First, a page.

You’d think a Stanford educated guy like Mike Mussina would realize there’s little to be gained by a pitcher shilling for an aluminium bat company in today’s climate.  From the New York Daily News’ Lisa Colangelo (link swiped from Repoz and Baseball Think Factory).

“I can unequivocally state that non-wood bats are no more dangerous than their wooden counterparts,” said Mussina, speaking as a member of the board of Little League Baseball.

“Though less dangerous than many other sports, baseball is not without risk,” the pitcher added in a statement distributed by a public relations firm that represents a metal-bat manufacturer.

“However, if New York City were to ban nonwood bats for high school players, those kids would be no more safe than when they take the field today.”

City Councilman James Oddo (R-S.I.), the chief backer of the ban, criticized the veteran hurler for entering the fray with a reference to the broken nose Mussina suffered in a 1998 game.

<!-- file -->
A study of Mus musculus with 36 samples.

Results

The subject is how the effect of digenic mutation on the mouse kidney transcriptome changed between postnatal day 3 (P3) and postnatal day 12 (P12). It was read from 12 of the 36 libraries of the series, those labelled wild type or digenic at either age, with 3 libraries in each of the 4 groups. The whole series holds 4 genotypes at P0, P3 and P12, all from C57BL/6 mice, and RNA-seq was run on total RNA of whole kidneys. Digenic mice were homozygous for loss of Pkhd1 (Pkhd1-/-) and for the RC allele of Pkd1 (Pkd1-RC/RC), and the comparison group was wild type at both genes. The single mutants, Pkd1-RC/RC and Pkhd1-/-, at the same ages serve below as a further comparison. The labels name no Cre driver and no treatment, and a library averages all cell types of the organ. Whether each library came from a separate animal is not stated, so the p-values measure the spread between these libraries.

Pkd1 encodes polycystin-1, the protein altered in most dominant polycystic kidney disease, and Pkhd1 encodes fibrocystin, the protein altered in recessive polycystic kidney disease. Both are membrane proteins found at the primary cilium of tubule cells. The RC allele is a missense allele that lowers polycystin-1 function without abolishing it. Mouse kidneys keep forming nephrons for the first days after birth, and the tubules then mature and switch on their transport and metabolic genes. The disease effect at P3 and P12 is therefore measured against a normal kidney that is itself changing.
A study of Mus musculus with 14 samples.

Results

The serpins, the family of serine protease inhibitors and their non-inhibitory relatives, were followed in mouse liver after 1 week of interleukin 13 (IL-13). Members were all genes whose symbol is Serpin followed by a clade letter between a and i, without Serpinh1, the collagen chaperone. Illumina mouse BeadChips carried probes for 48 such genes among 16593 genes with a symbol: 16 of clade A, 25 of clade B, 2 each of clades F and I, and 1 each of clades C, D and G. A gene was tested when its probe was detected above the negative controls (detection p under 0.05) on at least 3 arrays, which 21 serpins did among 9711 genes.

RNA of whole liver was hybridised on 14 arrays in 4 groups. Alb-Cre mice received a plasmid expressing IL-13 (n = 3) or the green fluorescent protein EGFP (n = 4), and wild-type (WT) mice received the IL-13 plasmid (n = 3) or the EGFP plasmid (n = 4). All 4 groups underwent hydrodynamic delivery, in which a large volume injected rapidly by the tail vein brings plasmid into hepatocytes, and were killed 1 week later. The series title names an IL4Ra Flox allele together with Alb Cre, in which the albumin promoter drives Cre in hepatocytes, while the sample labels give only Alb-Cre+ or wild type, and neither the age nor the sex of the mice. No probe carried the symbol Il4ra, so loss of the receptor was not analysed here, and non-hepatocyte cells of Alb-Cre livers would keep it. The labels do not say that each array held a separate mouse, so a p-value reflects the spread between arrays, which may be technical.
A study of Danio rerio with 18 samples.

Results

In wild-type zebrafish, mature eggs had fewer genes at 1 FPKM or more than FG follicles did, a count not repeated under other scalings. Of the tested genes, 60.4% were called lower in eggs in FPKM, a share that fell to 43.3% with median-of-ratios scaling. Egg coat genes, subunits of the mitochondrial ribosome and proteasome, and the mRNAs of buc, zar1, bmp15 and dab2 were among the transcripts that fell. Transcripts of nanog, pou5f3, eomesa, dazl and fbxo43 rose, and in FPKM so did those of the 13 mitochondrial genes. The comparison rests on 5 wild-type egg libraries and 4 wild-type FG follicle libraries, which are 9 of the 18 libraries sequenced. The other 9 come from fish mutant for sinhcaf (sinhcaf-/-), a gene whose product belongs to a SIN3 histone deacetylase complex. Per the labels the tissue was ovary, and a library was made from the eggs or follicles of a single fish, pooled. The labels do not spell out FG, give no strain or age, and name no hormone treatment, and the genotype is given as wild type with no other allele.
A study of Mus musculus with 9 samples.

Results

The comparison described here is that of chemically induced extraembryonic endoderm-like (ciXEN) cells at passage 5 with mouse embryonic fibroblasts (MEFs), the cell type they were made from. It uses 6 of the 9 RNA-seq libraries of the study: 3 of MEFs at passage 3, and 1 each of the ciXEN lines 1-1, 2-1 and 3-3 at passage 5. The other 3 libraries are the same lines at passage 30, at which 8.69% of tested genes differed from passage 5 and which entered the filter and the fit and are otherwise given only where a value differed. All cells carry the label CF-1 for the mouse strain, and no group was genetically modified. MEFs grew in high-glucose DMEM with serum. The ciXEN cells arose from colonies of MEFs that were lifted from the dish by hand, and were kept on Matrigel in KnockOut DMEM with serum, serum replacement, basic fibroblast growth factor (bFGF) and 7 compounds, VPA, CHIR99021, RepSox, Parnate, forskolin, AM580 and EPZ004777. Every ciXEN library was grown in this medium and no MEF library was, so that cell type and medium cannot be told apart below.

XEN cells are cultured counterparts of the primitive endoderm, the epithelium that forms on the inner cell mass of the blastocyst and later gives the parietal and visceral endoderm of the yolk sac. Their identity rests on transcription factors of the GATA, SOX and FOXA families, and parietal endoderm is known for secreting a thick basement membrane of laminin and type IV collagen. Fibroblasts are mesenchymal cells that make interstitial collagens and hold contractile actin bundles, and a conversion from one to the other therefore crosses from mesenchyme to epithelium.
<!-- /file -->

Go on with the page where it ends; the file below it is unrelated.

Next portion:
“Had the ball that hit Mike Mussina come off an aluminum bat, he probably wouldn’t be around to make such a ridiculous comment,” said Oddo, a die-hard Mets fan.

Mussina’s endorsement of aluminum bats also disappointed Debbie Patch, a Montana woman whose 18-year-old son died after being hit in the head by a baseball two years ago.

“Brandon was such a Yankees fan,” said Patch, who testified at a City Council hearing on the legislation last month.

“Someone should ask Mike Mussina if he would pitch against Barry Bonds using a high-performance bat,” Patch said. “It’s like suicide out there.”